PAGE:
Taiwan probes TikTok unit for ‘illegal operations’
TikTok has come under increasing pressure, especially in the United States, over its Chinese ownership and whether it poses a national security threat. (Photo by LUDOVIC MARIN / AFP)
Taiwan has launched a probe into an allegedly illegal subsidiary set up by TikTok on the island as it warned the Chinese-owned social media app was a security risk.
The Mainland Affairs Council, Taiwan’s top China policy-making body, said the cabinet had requested a multi-agency investigation during a meeting on security issues posed by TikTok earlier this month.
The “illegal operations” case was also forwarded to prosecutors for investigation after a local company allegedly engaged in business activities in Taiwan on behalf of ByteDance, TikTok’s Chinese parent firm, MAC said without elaborating.
“In recent years, China has used TikTok and other short videos to conduct cognitive operations to infiltrate other countries,” MAC said in a statement issued late Sunday.
“There is also a high risk of users’ personal information being collected for the Chinese government.”
China’s authoritarian Communist Party claims democratic and self-ruled Taiwan, and has vowed to one day seize it.
Relations between Beijing and Taipei are at their worst in years.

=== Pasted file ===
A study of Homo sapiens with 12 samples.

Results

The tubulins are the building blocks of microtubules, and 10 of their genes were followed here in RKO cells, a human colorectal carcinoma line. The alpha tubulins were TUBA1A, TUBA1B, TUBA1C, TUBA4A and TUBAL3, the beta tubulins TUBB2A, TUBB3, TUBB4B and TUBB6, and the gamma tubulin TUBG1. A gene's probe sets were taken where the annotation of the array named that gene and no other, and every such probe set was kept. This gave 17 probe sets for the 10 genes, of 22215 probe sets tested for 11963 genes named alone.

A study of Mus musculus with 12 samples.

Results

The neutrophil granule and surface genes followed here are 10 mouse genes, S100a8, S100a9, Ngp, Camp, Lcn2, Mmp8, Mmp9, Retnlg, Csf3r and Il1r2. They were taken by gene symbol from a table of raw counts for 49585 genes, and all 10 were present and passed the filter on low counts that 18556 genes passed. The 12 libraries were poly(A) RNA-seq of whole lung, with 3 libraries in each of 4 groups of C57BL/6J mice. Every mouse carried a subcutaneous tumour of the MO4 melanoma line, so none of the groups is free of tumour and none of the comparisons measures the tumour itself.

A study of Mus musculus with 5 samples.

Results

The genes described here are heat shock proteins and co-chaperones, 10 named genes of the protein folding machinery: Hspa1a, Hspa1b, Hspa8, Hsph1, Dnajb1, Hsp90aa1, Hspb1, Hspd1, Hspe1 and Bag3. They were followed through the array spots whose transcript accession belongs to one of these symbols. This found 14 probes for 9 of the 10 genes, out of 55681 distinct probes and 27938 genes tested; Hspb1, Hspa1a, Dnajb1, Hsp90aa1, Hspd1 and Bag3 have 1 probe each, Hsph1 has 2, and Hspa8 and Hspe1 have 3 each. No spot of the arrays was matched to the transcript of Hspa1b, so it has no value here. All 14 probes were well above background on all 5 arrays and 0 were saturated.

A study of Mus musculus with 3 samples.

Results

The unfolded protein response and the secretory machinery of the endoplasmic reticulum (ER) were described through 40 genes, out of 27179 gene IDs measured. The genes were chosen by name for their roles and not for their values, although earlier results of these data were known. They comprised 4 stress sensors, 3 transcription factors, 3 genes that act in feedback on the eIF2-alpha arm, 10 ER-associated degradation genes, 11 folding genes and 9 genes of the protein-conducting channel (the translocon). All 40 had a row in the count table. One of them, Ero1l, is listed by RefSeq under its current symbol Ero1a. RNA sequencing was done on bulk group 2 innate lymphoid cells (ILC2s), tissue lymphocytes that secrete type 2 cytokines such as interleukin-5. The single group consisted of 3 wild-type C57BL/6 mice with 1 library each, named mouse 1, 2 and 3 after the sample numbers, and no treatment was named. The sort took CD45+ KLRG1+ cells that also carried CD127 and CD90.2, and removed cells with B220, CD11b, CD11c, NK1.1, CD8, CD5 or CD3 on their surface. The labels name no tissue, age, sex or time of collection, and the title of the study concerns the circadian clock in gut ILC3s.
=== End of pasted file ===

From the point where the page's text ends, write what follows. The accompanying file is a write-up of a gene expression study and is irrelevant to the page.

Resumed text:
Chinese internet and social media platforms are currently banned from operating businesses in Taiwan under local laws.
TikTok is available in Taiwan but is not especially popular.
Local newspaper Liberty Times reported on Monday that the subsidiary under investigation was a company set up in 2018 that changed its name to ByteDance Taiwan Ltd Co in November.
TikTok has come under increasing pressure, especially in the United States, over its Chinese ownership and whether it poses a national security threat.
US senators last week voted unanimously to ban the video-sharing app on government phones, part of a growing bipartisan crackdown on TikTok.
TikTok itself denies being a security risk or beholden to Chinese authorities.
Taiwan has long warned that it is on the receiving end of huge Chinese disinformation and espionage campaigns.
It has ramped up scrutiny of Chinese businesses in recent years and imposed investment rules on various key sectors, including the island’s state-of-the-art semiconductor industry.
Beijing has increased military, diplomatic, and economic pressure on the island since Tsai Ing-wen became Taiwan’s president in 2016, as she views the island as a sovereign nation and not part of “one China”.
Taipei has also accused Beijing of stepping up so-called “grey zone” threats, from warplane incursions into its air defense zone to cyberattacks and cognitive warfare.